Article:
Update: This is now a film. Yes!!!!!
The Queen of Katwe by Tim Crothers was a reading find on a recent expedition to my public library. It’s one of those books that I’ve opened for some down time reading pleasure then spent the rest of the day reading until reaching the back cover. Tim Crothers traces the roots of several dots that come together to create Phiona Mutesi’s Ugandan world in Katwe. One very important “dot” is the life story of Robert Katende who brought chess to Katwe as part of a sports outreach program. Katende noticed that not every child wants to play soccer and decided to offer an alternative game, chess, for them. It is through Katende’s outreach efforts that Phiona discovers the inner mental and outter physical world of chess. Tim Crothers presents Katende’s personal history of survival, endurance and talent in a manner that show the incredible impact of one person on the lives of others. One young man’s life decisions reverberate throughout his world in remarkable and unexpected ways. Without Robert Katende there would be no chess for Phiona Mutesi and the other children of Katwe. In turn Phiona herself is having a positive impact on her personal world and the world of women in Uganda. Her story breaks out of the cycle of poverty and desperate struggle to survive for women and their children in places where living is far from easy. What’s at stake is creating a life based on choices rather than the need to eat and literally keep from drowning when it rains. When a slum is built on/in a swamp things get dicey for everyone when water falls from the sky.
Crothers’ writing style is quick and engaging as he works with words to bring to life the physical landscape of the Katwe slum and Uganda. He creates a context that the people who can afford to buy his book–and read it with ease–may have some trouble relating to. This is a world of harsh poverty where women do what they must to stay alive and education is a luxury requiring payment. Via Robert Katende’s story it’s clear that it’s not an easy world for boys and men either. At first one wonders where Crothers is going –how far back in time–and how will we ever get to the story of the girl who dreams of being a Chess Grandmaster. Well, I assure you that by the time you are learning more about Phiona it will be very clear why Crothers pulls the narrative strings he does. In order to fully appreciate Phiona’s ongoing life story the daily context of her world is required.
Another dot Crothers connects is that of the importance of education–like the Sport’s Outreach program–Tim Crothers’ takes a holistic approach to presenting Phiona’s and Robert Katende’s stories. Education plays a vital role in dealing with people in poverty. Hence, Crothers pulls in the story line dot of Andrew Popp all the way from Santa Barbara, California. How does the suicide of a talented young man have anything to with the life of girl living in the slums of Uganda? The scholarship memorial fund created by Andrew’s parents is what enables Phiona to attend school. Personally I think that’s a wonderful thing and an incredible part of Phiona’s story because education is essential to breaking the poverty cycle and the people in the slums know this fact.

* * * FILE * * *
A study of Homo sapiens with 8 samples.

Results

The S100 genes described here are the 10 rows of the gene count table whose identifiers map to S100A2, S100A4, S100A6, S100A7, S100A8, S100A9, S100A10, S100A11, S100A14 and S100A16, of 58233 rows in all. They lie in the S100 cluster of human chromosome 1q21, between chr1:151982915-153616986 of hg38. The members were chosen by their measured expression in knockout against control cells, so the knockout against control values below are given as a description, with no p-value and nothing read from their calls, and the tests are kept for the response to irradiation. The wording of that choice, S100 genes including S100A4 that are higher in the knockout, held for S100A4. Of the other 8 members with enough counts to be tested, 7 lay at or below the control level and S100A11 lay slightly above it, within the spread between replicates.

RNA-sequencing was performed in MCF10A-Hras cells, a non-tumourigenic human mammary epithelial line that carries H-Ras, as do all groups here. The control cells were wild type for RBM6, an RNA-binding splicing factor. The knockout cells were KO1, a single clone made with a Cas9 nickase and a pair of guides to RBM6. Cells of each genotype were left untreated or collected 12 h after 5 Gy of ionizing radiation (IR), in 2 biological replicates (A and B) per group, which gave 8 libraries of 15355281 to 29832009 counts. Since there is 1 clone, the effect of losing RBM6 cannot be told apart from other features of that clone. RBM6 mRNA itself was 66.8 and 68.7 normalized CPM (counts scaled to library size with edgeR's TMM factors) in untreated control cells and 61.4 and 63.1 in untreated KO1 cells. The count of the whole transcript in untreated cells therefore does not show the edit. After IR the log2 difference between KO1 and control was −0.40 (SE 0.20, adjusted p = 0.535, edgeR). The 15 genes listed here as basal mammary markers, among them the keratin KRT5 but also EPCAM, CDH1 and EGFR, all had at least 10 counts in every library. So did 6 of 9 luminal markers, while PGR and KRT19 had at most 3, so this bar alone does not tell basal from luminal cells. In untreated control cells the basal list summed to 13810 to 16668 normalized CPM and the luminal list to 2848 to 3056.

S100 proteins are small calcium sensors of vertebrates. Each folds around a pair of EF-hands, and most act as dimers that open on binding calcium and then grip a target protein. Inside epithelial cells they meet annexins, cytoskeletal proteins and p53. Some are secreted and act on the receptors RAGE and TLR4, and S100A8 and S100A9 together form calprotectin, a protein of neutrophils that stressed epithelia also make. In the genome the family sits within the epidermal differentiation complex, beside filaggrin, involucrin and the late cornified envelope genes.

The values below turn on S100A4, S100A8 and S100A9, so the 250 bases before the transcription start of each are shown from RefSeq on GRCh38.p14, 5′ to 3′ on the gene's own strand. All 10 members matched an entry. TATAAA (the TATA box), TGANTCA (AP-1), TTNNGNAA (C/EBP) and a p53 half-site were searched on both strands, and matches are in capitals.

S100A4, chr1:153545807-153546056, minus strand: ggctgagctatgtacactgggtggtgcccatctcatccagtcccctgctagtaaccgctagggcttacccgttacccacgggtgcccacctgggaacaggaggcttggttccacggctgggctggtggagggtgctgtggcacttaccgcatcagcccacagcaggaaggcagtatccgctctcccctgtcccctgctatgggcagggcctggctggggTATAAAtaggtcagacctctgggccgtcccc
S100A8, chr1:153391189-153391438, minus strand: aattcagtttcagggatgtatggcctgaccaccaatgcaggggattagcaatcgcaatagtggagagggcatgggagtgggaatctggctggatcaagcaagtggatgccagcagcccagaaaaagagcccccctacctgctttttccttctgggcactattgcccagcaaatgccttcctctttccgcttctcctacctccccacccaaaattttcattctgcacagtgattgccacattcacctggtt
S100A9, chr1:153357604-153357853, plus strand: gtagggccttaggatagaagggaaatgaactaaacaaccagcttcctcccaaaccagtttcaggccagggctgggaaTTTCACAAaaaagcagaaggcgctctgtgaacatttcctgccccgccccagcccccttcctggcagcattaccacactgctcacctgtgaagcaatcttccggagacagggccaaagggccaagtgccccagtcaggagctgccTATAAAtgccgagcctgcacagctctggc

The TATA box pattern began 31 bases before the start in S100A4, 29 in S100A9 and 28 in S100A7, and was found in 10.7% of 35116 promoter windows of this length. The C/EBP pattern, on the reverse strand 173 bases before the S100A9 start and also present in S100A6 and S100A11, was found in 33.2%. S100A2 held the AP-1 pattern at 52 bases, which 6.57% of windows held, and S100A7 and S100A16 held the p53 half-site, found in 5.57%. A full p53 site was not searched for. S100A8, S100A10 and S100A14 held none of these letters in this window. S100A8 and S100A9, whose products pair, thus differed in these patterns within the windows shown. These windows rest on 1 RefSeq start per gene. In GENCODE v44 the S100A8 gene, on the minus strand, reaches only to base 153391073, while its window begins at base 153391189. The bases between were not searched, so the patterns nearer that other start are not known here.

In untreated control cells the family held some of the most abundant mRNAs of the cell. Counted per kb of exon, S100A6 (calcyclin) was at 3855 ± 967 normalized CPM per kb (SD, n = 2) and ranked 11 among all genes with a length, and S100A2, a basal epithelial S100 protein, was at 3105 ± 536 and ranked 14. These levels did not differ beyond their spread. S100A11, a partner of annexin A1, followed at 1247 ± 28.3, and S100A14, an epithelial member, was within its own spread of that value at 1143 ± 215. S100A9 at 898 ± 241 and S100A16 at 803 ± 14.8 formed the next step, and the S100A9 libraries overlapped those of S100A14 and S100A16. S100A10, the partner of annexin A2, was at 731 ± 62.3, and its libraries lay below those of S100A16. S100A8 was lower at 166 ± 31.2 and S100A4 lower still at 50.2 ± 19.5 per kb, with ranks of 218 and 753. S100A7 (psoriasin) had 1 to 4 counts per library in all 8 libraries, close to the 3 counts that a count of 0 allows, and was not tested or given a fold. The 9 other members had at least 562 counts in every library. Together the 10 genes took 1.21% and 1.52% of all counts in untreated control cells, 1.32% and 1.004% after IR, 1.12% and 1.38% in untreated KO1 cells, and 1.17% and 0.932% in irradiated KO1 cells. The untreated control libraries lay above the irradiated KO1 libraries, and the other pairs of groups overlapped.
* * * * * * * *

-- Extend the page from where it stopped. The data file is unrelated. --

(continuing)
Andrew Popp Scholarship Fund http://sportsoutreach.net/projects/teaching/andrew-popp-scholarship-fund/
So if you’re looking for a great human interest story, one which is far from finished, then get a hold of The Queen of Katwe. Consider the power of one piece on a chess board and the powerful impact one person can have on the life of another. Get some inspirartion. some ideas about teaching from Robert Katende, and perhaps some motivation. Perhaps most importantly get some HOPE.
Author Tim Crothers’ site >> http://www.timcrothers.net/
Phiona Mutesi–so far– >> http://en.wikipedia.org/wiki/Phiona_Mutesi
Uploaded on Nov 9, 2011
This is a brief documentary on Fiona, a 15 year old Chess Prodigy from the slums of Kampala, Uganda who discovered Chess as a homeless child in search of food. I traveled to Uganda to cover this story through a non-profit organization called Silent Images. We were serving another non-profit called Sports Outreach, in which the chess coach discovered a special gift in Phiona for the game of Chess. I was accompanied by Tim Crothers of ESPN and David Johnson of Silent Images on the trip. Tim has now written a book on Phiona called “The Queen of Katwe” and Phiona has had recent top news stories on ESPN as well as CNN. Disney is currently planning to produce a movie on Phiona as well and I can’t wait to see Phiona’s dreams come true. She is a true underdog in every sense of the word and no person is more worthy of success in life than this special young woman.